Afternoon light streamed through the windows of Chancellor Green Rotunda on Sept. 9, as faculty members, students and University staff celebrated the beginning of the fall semester with the 13th annual Humanities Colloquium, “Tradition, Critique & Imagination.”
Humanities Council Chair and Professor of Religion Eric Gregory welcomed a capacity audience to “an opportunity for a shared conversation about this thing we call humanities.”
Four Princeton professors related the colloquium theme to their research and scholarship, framing conversation among disciplines, presenters and audience.
Anne Cheng, professor of English and American studies, and director of the Program in American Studies, spoke on “The Critical Exhaustion of WOC.” Cheng said she intentionally used the acronym WOC in her title —instead of the full term “women of color” — to reflect how it has come to be empty of specific meaning. Cheng’s new book, “Ornamentalism,” offers a new theory of Asiatic feminism, bringing legal, cinematic and art history into a dynamic approach to problems of racial and sexual commodification and objectification.
While the last 50 years has seen “a groundbreaking swell of theoretical writings about the black woman,” Cheng said, “the broader category of women of color, and in particular the yellow woman, teeters dangerously close to extinction without ever having come to much critical life. We say ‘black women,’ ‘white women,’ ‘brown women,’ but not ‘yellow women’.”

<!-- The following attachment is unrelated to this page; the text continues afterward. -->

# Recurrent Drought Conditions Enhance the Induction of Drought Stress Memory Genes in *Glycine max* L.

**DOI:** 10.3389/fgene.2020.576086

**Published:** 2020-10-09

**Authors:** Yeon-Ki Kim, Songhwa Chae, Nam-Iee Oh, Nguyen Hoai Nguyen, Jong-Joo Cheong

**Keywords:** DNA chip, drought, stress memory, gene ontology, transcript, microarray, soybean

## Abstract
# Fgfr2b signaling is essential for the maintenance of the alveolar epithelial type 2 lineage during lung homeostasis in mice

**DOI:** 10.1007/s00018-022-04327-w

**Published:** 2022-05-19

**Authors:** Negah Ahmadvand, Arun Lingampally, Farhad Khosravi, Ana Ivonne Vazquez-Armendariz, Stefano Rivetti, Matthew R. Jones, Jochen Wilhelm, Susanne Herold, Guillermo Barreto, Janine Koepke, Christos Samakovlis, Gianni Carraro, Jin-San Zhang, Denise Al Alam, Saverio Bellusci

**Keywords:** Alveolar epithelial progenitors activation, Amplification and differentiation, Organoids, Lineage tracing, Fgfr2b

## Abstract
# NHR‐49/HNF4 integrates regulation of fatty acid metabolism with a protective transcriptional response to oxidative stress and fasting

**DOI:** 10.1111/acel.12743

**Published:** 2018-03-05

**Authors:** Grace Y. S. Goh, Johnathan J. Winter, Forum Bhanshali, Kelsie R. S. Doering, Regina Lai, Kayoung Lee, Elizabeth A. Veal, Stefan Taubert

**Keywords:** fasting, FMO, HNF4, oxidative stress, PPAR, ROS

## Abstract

Cheng said that even as “the label ‘the yellow woman’ fades from contemporary parlance, the Asiatic figure it denotes still stimulates passion and derision.” She detailed how the 2015 Metropolitan Museum of Art exhibit “China Through the Looking Glass” suggested “that opulence and sensuality are the signature components of Asiatic character, that Asia is always ancient,” and that “material consumption can promise cultural possession.”
“China equals ornament,” Cheng said, for Western figures from Plato to Oscar Wilde, William Morris, Le Corbusier, Ezra Pound and Jack Kerouac. “How do we take seriously the life of a subject who lives as an object?”